How Deutsche Bank Crisis Could Affect Your Investment - Part I

The biggest news in the financial markets yesterday was Deutsche Bank.  The shares of DB have fallen more than 7% since yesterday.  This month alone, the share prices have plummeted more than 30%. However, the Dow was pretty resilient to the news and merely dropped 1%.  It seems that people don't think Deutsche Bank will become another Lehman Brothers.


Normally, news such as this would have sent Euro reeling.  However, Euro pretty much traded sideways all day yesterday.  If this were a Lehman Brothers re-occurrence, EUR/USD would have probably dropped more than 300 pips.

So, why?

In fact, German yields are up and U.S. yields are down.  People somehow believe that Deutsche Bank is too big to fail even though the bank could owe up to $14 billion to the U.S. Department of Justice, who is charging the company for legal costs and settlements related to their investigation into the bank's mortgage backed securities.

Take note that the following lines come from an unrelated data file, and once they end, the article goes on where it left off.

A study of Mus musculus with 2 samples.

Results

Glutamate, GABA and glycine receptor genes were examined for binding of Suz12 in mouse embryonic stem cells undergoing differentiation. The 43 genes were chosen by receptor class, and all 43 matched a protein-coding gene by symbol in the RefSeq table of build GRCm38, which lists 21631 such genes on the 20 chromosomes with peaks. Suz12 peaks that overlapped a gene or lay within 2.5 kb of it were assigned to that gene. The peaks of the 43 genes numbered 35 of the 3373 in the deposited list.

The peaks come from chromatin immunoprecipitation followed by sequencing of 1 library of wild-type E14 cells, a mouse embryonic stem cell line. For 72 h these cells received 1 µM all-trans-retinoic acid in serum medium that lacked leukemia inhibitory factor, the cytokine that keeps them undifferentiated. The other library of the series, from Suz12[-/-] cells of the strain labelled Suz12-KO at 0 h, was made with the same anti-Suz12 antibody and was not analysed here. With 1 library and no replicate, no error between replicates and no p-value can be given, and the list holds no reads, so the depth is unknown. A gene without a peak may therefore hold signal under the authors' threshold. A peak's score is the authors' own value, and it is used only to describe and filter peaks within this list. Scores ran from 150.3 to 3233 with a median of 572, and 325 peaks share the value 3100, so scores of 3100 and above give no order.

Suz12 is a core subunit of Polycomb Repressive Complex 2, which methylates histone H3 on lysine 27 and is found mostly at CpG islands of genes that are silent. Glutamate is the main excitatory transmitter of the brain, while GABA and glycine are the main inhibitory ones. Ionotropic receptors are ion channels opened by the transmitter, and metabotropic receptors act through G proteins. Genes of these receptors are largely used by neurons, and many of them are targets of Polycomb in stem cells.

The big question now is how Deutsche Bank will raise capital.  While Chancellor Merkel has denied  to offer a bailout, the best possible outcome would be for the bank manages to negotiate down the U.S. Department of Justice's fine.  Consequently, Deutsche Bank's troubles have also raised concerns about other banks in Europe such as Credit Suisse and Barclays, which are also in mortgage settlement talks with the U.S. government.

Does this mean Europe's banking crisis has returned?  Financial markets do not like crisis like this.  It is going to be a major risk to the U.S. equities.  If Europe's troubles escalate, the Federal Reserve will be less likely to raise interest rates in December.  The financial markets are going to be volatile in the coming days for sure.